Google has had a bit of a busy week, as several Google services were down Monday morning. The outage severely disrupted Google’s core, services leaving millions of users without access to their data. In other news, CD Projekt Red, the developer behind the much-hyped role-playing game “Cyberpunk 2077”, earlier this week revealed that dissatisfied customers can seek refunds. The sci-fi game has suffered from serious performance issues and glitches on older generation consoles, including the PlayStation 4 and the Xbox One. This week we have also learned that Microsoft is reportedly working on designing ARM chips for Surface PCs and servers.
Read about these stories in more detail below.
Google suffers global outage
On Monday, Google’s core services went down for about an hour, taking down Gmail, YouTube, Google Maps, Google Docs, and most other Google services. Although services were restored, the global outage created a panic-like situation. Google later revealed that the issues were caused by an outage to its authentication platform. Google suffered its second outage on Tuesday, with its email service Gmail went down for two hours.
Sony pulls Cyberpunk 2077 from PlayStation store
In a surprise move, Sony removed the video game Cyberpunk 2077 from its PlayStation store. The move shocked the industry, as for the first time a AAA game has been removed from the PlayStation Store citing quality issues. Since its launch, Cyberpunk 2077 has been facing criticism from gamers over bigs and drops in performance on old consoles like the PS4 and Xbox One. On Monday, Cyberpunk’s Polish developer, CD Projekt, said it will offer consumers full refunds if they bought the game on older consoles and were unhappy with it. Cyberpunk 2077, which stars Hollywood actor Keanu Reeves, is the biggest video game of the year.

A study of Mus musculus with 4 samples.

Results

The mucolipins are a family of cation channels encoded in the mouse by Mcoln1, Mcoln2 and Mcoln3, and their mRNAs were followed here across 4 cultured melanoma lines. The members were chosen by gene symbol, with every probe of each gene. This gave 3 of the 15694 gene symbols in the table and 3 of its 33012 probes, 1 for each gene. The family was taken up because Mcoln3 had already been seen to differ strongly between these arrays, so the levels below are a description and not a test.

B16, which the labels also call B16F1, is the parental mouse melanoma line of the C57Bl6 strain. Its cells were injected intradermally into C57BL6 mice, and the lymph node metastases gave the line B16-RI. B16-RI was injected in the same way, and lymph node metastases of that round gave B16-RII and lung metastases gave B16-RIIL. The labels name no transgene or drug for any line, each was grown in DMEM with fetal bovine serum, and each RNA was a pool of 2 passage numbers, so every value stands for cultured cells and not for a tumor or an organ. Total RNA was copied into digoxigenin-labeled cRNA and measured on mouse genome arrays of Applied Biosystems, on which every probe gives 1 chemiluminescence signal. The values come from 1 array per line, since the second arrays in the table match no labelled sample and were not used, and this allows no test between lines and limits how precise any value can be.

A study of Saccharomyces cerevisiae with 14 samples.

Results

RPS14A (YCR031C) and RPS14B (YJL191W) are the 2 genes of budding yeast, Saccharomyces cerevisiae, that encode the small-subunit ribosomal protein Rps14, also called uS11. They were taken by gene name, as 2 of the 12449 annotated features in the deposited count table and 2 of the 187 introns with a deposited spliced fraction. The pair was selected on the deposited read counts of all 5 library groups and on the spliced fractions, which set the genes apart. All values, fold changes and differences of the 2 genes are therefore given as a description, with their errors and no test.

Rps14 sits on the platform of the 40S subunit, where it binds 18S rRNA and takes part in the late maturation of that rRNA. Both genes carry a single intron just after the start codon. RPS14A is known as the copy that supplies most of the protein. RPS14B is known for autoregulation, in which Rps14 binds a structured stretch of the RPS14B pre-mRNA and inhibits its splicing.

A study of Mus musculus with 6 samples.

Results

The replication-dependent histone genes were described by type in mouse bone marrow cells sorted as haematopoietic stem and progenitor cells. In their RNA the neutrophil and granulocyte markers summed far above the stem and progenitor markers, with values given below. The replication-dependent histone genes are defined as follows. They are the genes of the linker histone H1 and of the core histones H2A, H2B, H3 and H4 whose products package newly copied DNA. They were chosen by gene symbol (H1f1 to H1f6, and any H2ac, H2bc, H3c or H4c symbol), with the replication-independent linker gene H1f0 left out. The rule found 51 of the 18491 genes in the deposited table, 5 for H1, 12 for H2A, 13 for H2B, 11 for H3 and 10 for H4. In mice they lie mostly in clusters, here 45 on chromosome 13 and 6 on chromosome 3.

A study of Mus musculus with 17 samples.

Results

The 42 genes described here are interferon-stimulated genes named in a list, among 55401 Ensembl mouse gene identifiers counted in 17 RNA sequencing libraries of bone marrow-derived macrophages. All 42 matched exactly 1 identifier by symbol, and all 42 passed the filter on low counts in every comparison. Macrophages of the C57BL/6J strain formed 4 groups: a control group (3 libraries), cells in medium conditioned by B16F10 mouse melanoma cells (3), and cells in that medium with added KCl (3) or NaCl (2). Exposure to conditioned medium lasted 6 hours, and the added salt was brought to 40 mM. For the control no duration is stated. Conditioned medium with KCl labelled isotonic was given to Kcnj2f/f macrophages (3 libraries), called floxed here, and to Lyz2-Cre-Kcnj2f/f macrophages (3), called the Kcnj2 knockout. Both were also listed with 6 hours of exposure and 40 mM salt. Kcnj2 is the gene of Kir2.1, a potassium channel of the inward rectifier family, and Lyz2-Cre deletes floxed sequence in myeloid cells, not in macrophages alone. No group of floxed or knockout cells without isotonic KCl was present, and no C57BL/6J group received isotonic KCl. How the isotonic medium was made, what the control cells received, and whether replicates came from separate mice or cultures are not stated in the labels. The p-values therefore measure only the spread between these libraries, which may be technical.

Microsoft may be developing ARM chips for Surface PCs
Microsoft may have plans to use ARM-based chips to power its next-generation Surface PCs. According to a Bloomberg report, Microsoft is working on its own ARM processors for its datacenter servers and some Surface PCs. It’s not 100 per cent clear what the company’s plans are. Given the tech giant shares deep relationships with Intel, AMD and Qualcomm, it’s not going to be easy to drop them in favour of its own ARM chips. Apple recently launched the first Macs that use the company’s M1 chips. Apple’s move to drop Intel and use custom-designed M1 chips for its Mac computers was long anticipated.